In truth, most fans of the Women’s Super League probably hadn’t heard of the playmaker, who had spent all of her career up until that point in her native Norway.
However, 12 months on, Reiten is now a Continental Cup champion and a league title-winner– after the season was ended early due to the coronavirus pandemic
In short, Hayes has been proven right.
The stats alone show just how well Reiten has performed over the past year. She finished joint-top of the assist charts, with eight in 15 games, while she also netted five times herself, meaning, at Chelsea, she was only out-scored by Beth England.
In addition, nobody has created more chances in the WSL this season than the 25-year-old, but what the stats don’t show are all the extra things that made her Goal’s Player of the Year.
It was the neat flicks in Chelsea’s build-up play; the off-the-ball movement that dragged defenders away from her team-mates and gave them the space to score goals; the tackles she made in the final third to win the ball back and put the opposition under serious pressure.
Moreover, it was Reiten’s hard-working, selfless attitude, which allowed her to settle into Hayes’ team with relative ease – despite her having to adapt to a new country, a new culture and a new league.
“I’ve not had much time, but if we give it a bit of time, I think I’m going to improve as a player here at Chelsea,” she said after making her debut in September, in a 1-0 win over Tottenham at Stamford Bridge.
She wasn’t wrong. With each subsequent outing, Reiten found new ways to impress.
Of course, the Norway international is blessed with world-class team-mates. With the movement of players like England and Sam Kerr, as well as the attacking system Chelsea play in, it’s natural that a player with Reiten's creative flair is going to rack up assists.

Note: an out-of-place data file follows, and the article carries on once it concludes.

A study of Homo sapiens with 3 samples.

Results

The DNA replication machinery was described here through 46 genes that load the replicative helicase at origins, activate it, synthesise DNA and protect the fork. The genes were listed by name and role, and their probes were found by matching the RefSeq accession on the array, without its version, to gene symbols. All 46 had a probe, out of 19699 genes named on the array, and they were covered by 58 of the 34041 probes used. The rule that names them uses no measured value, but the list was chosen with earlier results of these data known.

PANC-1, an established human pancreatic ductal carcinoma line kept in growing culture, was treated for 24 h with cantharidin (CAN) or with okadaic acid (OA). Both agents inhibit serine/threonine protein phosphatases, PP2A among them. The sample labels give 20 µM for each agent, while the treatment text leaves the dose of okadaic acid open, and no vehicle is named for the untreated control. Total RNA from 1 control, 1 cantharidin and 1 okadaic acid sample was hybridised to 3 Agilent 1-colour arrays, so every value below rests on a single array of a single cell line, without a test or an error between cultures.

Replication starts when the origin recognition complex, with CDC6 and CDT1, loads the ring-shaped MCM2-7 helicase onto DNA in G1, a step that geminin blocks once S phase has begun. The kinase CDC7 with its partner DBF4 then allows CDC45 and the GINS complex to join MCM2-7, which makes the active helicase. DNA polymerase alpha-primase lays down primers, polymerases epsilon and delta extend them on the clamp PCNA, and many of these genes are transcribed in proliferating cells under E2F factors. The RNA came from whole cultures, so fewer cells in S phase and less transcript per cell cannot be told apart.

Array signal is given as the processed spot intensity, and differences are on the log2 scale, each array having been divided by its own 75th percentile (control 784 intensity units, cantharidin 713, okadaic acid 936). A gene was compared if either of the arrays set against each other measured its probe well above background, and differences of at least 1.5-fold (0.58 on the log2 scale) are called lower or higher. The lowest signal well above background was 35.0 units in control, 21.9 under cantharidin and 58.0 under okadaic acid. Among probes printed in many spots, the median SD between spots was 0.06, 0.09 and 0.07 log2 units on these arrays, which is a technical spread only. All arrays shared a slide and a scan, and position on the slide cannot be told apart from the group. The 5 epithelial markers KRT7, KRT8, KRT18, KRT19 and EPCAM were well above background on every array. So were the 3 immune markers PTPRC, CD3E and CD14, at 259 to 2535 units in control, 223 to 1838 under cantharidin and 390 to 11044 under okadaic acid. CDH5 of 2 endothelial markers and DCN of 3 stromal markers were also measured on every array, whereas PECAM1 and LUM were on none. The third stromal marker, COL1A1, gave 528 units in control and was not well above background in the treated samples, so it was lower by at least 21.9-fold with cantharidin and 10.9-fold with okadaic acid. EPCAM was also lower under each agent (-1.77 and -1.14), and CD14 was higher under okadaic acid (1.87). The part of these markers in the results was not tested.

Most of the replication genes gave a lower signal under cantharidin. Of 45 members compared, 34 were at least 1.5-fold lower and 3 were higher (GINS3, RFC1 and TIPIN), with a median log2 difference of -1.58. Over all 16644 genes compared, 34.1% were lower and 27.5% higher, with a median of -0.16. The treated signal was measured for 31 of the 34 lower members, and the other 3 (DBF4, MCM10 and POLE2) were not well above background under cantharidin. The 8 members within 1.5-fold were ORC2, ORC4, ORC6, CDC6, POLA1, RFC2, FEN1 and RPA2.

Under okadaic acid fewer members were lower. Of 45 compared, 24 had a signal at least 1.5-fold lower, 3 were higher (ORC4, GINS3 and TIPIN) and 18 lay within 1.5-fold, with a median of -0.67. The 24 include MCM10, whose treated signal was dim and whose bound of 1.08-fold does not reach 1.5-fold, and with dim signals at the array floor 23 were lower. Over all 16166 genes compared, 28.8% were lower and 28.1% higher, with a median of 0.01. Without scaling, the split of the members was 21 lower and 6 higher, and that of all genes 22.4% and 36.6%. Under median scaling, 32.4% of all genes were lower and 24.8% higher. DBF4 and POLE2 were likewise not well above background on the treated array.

But what was particularly impressive was how quickly she has developed an understanding with those team-mates. The through balls and the inch-perfect crosses were all executed as if she had been playing with this team for years.
“I usually need time to find my place, new team-mates, a new style, and things like that, but it has gone very well,” she said earlier this month. “I feel like I have delivered and helped my team as well as I could.”
Indeed, Reiten always come up with the goods, helping Chelsea to an unbeaten, and unprecedented, title-winning season.
When Hayes’ side found themselves a goal down to lowly-Liverpool in December, it was the Norwegian’s pinpoint cross that allowed England to head home an equaliser.
When they visited Arsenal in January for a huge game in the title race, she produced another perfect delivery for Kerr to head home, before adding a header of her own in a 4-1 rout.
And when they were struggling to break down Birmingham in a gritty midweek fixture in February, it was Reiten’s lovely footwork in a crowded box, followed by her composed finish, that broke the deadlock.
As well as those moments of such huge importance, there have been moments of huge quality, with her first-time lob against Reading in the New Year a stand-out moment.
But the most exciting aspect of Reiten’s successful first season in the WSL is that there is clearly still so much more to come.
“She is growing in stature and I don’t think anyone who knows her as a player will think it’s a surprise,” Hayes said earlier this season.
“I think she is a top talent. She is a consistent performer and we have to be patient with her because she is still adapting to English football.”
The 25-year-old was the Toppserien's top-scorer for three seasons running before leaving for Chelsea, netting 51 goals in 53 league games for former club Lillestrom.
She may not be the focal point of the attack with the Blues, but those goal-scoring instincts are sure to come to the fore as time goes on. Reiten herself has admitted after several games this year that she’d have expected herself to have netted two or three more times.
Her first season, though, was remarkable.
While the goals of England and the signing of Kerr grabbed the headlines, the nimble Norwegian was the unsung hero, pulling all the strings in Chelsea’s historic title triumph.